Anthony Caruana

For a long time, the perception has been that the technology CIOs have managed has been physical hardware. Servers, SANs, desktops, laptops, switches, access points - all of these devices can be easily seen, quantified and valued. Explaining the cost of hardware to other C-Level executives and boards has been easy because hardware is tangible.

Software is a different proposition. Back when I started my career in IT, the CIO showed me a CD for the forecasting module of our ERP solution and told me that he was holding $100,000 in his hand. The physical media and the value seemed incongruous. However, that software represented thousands of hours and years of experience of the developers. Any asset with that value needs to be effectively managed.

Clayton Noble is the Co-Chair of the Business Software Alliance. His main responsibility is with enforcement and policy for the software companies that are members of BSA. The BSA has a second co-chair who is responsible for education about piracy.

Piracy does cost software developers money. However, many are becoming more savvy when it comes to combatting the steady leak of money. There's a significant effort in place so that pirated code is removed from online sharing sites quickly. There are also efforts made to prevent illegally distributed programs ever being uploaded. Vendors are also getting smarter about how they sell their software so that purchasing is becoming easier than pirating.


In Noble's view, the big issue for CIOs is the importance of Software Asset Management. "It's important because each of the members of the BSA and other companies rely on he organisations customers to remain compliant. By and large, software is licensed on a trust model where the code is handed over. We rely on organisations to retain control over the deployment of software. SAM is a key issue for organisations".

The BSA supplies tools to assist companies with SAM as well as tips and procedures.

The consequences for not maintaining compliance with software licensing can be quite substantial according to Noble with companies becoming potential liable for copyright infringement. However, that potential issue is only one of the substantial risks that businesses can face.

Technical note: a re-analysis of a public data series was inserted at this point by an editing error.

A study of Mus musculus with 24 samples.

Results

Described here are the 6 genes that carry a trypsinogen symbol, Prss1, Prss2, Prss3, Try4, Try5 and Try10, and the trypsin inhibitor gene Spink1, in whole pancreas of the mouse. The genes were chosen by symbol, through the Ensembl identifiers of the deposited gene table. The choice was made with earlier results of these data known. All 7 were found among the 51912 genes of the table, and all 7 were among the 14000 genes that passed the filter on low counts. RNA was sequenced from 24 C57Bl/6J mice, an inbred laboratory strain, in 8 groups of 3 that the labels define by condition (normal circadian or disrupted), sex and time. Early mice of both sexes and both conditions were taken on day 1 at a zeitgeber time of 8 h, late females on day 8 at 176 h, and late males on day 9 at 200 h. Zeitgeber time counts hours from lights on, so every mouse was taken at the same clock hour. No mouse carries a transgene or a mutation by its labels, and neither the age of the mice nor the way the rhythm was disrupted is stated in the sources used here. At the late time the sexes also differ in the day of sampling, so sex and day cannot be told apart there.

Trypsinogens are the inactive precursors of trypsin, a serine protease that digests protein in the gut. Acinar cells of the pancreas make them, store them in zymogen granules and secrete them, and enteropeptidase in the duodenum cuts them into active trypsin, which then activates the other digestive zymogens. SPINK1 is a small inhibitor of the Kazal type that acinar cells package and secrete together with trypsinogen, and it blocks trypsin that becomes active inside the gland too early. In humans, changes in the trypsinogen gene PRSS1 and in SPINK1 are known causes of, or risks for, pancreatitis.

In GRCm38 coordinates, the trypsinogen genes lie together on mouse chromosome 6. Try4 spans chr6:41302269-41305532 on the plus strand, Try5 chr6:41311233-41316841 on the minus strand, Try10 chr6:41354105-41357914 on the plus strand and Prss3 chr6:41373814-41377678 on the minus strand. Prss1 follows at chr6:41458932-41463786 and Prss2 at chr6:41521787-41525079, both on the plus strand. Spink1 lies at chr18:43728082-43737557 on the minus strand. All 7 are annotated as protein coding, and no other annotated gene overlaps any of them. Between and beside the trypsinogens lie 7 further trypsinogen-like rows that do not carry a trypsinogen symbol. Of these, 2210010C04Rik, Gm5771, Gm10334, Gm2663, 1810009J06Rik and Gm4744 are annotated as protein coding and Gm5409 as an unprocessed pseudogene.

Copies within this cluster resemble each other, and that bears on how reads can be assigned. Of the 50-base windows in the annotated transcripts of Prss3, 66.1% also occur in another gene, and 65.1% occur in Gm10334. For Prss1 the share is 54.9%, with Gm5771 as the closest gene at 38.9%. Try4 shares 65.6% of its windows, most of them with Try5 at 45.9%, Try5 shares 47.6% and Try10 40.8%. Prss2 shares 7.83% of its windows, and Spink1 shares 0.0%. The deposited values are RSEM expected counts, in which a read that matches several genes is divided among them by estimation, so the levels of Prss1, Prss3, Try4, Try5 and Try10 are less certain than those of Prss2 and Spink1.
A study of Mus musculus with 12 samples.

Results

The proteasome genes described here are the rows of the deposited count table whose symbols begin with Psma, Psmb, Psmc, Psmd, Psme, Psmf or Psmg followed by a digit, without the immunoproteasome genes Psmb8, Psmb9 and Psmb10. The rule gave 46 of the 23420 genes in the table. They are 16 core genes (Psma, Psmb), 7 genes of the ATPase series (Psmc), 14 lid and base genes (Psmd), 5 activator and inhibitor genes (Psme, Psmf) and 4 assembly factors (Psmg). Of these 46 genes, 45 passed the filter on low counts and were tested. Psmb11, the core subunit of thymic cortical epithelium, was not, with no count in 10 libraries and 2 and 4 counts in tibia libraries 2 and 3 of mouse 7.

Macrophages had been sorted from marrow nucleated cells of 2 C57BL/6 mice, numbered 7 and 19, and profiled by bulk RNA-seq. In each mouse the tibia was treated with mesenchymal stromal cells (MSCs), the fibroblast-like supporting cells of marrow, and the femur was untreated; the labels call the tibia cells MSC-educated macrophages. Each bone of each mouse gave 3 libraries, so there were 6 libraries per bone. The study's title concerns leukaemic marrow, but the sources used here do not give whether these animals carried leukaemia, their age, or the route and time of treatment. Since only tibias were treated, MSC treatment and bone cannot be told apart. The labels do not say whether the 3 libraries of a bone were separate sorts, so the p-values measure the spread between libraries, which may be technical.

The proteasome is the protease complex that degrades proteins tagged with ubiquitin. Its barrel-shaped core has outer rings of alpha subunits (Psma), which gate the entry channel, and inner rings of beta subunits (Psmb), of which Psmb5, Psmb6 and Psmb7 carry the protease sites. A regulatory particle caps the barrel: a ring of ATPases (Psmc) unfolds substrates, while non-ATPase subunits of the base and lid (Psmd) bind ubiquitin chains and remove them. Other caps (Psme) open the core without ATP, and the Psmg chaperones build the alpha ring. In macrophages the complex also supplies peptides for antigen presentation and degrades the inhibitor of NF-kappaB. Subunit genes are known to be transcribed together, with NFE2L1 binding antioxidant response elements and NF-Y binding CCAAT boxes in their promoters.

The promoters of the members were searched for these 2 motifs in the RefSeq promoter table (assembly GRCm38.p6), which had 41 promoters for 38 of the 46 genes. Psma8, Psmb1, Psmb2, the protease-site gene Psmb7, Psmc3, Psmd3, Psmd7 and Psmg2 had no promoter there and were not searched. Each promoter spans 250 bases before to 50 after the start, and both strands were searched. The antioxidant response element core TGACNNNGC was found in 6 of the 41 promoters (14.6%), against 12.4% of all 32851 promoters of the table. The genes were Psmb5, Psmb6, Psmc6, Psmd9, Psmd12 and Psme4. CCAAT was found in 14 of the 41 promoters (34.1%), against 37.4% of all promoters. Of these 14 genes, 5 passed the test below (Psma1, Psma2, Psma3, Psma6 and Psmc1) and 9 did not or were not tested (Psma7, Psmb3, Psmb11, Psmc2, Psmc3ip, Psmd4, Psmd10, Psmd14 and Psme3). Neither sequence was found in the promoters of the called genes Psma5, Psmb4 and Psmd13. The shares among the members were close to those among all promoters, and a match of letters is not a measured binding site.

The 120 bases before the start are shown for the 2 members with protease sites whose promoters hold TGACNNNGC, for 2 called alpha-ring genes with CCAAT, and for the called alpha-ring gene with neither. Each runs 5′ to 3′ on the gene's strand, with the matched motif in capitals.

The BSA recommend a four-step approach to SAM. To start, the BSA suggests that appropriate policies and procedures are put in place. To assist with getting started, the BSA offers some sample documentation. This can cover situations where staff load personal software onto company assets. If that software isn't legal then the owner of the asset can be held responsible for the software under the Copyright Act.

Once the appropriate documentation is in place, an initial audit should be carried out. As well as detecting potential non-compliance, this audit can deliver a tangible benefit. "Often, companies don't know what licenses they've bight and end up double-purchasing and end up with a lot of shelf-ware that they're unaware of" according to Noble.

"A lot of BSA members offer free services where they'll pay for software asset management consultants to go in and asset the customer to determine what they've deployed and what they've licensed so they can get a snapshot of where they;re at so they can plan better and determine what licensing model is most cost effective and efficient" Noble said.

With the audit complete, the CIO is able to then understand what software they have that is legally licensed and what items there are for action. Illegally loaded software can be either removed or licenses can be purchased and a register of software, license keys and license numbers can be created and maintained.

The final step in the process is to move SAM form a project to a process and establish a schedule for regular software audits to ensure that non-compliance doesn't recur and that the business has the right software available for staff to do their jobs. 

Software is an asset that is of value to a company and needs to e managed with the same diligence as other, more tangible, assets. There are positive benefits with extraneous licenses not being purchased and the risk management benefit of avoiding non-compliance with the copyright law.